Santee Turns San Diego River into a Classroom

Tuesday, September 18, 2012

Santee city staffers pitched in today as guest teachers for a group of Rio Seco Elementary School 4th graders that made a science-oriented field trip along the San Diego River at Mast Park.
Two City Hall workers teamed up with Shannon Quigley of the San Diego River Park Foundation and Rio Seco 4th grade teacher Heather Glanz to offer facts and insights into the river’s ecology.

The students, in turn, took detailed notes that will come in handy for writing stories about their field trip. At one point, a duck unexpectedly blurted out a loud quack that interrupted the lesson, causing the children to bellow with laughter.

City Arborist Annette Saul and Shannon Quigley
“The students really enjoyed the opportunity to step out of the classroom and step into nature, where they could do hands-on learning activities,” said City Arborist Annette Saul, who shared teaching duties with Stormwater Program Manager Helen Davies.
“The kids were engaged and excited about what they were learning, “ Ms. Saul noted. “They also got the chance to observe the ducks and other wildlife along the river.”

Escorted by a half-dozen volunteer parent chaperones, nearly 30 pupils walked about a quarter-mile from their school to the bridge at Mast Park that spans the river adjacent to the Mission Creek community.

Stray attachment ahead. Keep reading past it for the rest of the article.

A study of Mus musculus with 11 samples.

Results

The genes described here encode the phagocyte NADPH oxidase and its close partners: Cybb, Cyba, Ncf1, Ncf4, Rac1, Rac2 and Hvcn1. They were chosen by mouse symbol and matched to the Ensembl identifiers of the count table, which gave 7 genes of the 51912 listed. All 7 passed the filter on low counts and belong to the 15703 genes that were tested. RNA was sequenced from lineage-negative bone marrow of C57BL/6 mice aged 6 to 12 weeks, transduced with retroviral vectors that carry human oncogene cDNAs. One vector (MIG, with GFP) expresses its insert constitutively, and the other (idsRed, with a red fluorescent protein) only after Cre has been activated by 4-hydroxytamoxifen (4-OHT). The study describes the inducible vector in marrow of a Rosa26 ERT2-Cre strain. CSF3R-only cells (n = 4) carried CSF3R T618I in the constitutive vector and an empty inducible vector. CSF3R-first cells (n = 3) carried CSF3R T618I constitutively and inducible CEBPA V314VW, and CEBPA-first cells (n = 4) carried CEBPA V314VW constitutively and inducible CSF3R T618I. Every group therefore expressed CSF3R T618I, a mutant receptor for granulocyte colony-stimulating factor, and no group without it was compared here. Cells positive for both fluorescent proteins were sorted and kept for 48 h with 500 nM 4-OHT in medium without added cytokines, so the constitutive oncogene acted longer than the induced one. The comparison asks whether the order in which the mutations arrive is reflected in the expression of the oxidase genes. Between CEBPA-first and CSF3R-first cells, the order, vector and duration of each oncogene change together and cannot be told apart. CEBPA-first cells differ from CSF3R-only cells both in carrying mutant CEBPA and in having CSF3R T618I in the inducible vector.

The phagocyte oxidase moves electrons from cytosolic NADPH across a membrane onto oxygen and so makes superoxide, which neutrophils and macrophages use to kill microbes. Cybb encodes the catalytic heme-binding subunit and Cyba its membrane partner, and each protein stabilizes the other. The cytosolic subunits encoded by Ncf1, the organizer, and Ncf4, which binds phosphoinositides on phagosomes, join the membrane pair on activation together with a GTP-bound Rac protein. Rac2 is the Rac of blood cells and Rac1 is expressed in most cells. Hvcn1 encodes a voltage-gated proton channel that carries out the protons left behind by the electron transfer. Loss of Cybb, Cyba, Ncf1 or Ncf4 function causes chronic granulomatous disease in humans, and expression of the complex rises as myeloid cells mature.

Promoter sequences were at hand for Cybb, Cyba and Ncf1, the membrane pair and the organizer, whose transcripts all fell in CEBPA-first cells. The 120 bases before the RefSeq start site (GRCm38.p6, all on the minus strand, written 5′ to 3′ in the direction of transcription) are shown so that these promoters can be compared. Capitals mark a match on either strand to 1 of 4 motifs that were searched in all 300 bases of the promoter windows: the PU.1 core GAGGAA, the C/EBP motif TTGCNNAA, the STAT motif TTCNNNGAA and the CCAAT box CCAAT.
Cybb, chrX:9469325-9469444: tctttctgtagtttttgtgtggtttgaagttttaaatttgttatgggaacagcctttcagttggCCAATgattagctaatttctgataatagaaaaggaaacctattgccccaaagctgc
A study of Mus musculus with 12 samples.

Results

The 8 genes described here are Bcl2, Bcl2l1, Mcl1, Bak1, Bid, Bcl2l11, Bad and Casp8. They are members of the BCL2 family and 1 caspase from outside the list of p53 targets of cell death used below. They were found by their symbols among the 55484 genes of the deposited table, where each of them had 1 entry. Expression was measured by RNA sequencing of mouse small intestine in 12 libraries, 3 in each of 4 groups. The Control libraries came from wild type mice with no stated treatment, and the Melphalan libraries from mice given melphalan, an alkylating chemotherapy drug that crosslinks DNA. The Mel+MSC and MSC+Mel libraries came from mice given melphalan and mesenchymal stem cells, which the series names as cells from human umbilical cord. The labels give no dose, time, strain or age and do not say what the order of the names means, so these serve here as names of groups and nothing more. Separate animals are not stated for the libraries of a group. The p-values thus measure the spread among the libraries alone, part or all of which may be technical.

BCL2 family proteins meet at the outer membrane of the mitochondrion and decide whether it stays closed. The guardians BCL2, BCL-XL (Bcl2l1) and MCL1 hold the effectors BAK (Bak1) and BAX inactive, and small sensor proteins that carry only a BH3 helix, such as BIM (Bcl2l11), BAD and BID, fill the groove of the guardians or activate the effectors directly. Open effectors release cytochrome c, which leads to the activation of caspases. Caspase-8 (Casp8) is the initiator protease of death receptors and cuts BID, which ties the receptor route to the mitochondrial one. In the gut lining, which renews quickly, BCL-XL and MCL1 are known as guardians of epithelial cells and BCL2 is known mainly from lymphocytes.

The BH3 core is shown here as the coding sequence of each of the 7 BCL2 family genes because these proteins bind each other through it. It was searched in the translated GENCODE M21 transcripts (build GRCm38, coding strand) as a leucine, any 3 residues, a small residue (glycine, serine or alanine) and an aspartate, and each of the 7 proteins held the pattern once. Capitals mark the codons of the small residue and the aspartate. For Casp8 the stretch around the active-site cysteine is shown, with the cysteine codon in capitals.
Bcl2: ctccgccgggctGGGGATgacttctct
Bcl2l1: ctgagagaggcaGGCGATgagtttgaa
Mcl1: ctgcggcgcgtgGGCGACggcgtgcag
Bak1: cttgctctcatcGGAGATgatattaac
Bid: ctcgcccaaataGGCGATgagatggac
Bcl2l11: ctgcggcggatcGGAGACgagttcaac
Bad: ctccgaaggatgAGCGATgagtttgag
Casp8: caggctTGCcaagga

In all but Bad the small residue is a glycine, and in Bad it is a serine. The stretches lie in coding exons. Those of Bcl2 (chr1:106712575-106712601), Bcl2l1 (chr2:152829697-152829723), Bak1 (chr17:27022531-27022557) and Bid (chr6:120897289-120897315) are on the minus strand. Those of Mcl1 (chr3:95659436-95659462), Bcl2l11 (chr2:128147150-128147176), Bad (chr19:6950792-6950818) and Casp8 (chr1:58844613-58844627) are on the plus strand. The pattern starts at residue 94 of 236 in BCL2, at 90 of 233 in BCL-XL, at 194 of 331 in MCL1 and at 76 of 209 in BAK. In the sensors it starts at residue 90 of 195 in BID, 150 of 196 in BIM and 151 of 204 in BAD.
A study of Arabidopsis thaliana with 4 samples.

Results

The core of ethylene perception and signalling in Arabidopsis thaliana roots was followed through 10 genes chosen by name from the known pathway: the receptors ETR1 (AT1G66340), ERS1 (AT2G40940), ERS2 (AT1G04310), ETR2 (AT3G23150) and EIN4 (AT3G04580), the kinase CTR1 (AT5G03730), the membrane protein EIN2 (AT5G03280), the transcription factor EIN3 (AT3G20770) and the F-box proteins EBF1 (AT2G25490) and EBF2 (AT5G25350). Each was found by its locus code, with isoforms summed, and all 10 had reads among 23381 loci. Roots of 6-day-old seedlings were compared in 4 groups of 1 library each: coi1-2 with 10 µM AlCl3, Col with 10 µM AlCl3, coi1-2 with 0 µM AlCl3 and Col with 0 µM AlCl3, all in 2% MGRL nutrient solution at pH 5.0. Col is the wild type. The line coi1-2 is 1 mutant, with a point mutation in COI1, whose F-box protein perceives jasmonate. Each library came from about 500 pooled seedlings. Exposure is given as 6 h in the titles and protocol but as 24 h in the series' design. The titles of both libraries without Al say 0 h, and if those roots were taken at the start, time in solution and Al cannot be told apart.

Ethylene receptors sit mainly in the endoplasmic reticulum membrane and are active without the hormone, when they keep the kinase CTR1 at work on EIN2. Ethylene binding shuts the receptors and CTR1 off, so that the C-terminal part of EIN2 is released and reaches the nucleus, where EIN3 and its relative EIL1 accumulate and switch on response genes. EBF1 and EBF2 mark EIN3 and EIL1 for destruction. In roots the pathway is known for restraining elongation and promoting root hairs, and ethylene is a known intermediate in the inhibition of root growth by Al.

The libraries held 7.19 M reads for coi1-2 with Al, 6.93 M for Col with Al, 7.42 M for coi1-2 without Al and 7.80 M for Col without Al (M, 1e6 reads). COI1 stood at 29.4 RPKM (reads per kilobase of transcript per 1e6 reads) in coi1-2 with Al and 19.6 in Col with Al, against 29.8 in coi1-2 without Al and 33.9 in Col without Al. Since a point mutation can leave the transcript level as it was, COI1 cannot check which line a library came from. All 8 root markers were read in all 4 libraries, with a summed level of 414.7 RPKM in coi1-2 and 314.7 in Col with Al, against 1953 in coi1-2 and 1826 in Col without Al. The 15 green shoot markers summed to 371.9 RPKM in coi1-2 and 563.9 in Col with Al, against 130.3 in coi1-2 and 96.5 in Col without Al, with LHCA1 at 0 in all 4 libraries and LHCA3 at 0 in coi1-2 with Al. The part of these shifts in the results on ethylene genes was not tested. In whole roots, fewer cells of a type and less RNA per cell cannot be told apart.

Ms. Davies gave a lesson on how trash and pollutants carried by storm drains end up in the river and affect the water quality and wildlife.

“You can be a protector of the river just by being careful,” she said.
She explained how everyone can help safeguard the river by preventing trash, dirt, oil or household waste from getting into storm drain inlets and curb cuts. Storm drains are underground pipes that transport rain or excess irrigation water from city streets.

In her lesson, Ms. Saul focused on the effects that non-native invasive plant , such as the vine-like primrose, have on the river’s ecosystem.  These thick-growing vines crowd out native vegetation, slowing down the river’s flow. The stagnant water becomes a breeding ground for mosquitoes and allows algae to bloom, depleting the dissolved oxygen level and making it difficult for fish and other aquatic creatures to survive.
Santee Stormwater Program Manager Helen Davies
Ms. Saul also showed students a tube-like device underneath the bridge that serves as a kind of trap that biologists use to detect the presence of non-native invasive mussel species.

Using water samples gathered from the river and testing kits, Ms. Quigley showed the students how to measure key water-quality indicators such as acidity or PH, dissolved oxygen and turbidity or cloudiness caused by sediment.  The water testing was being done in conjunction with World Water Monitoring Day, she said, a global event to raise awareness about clean water.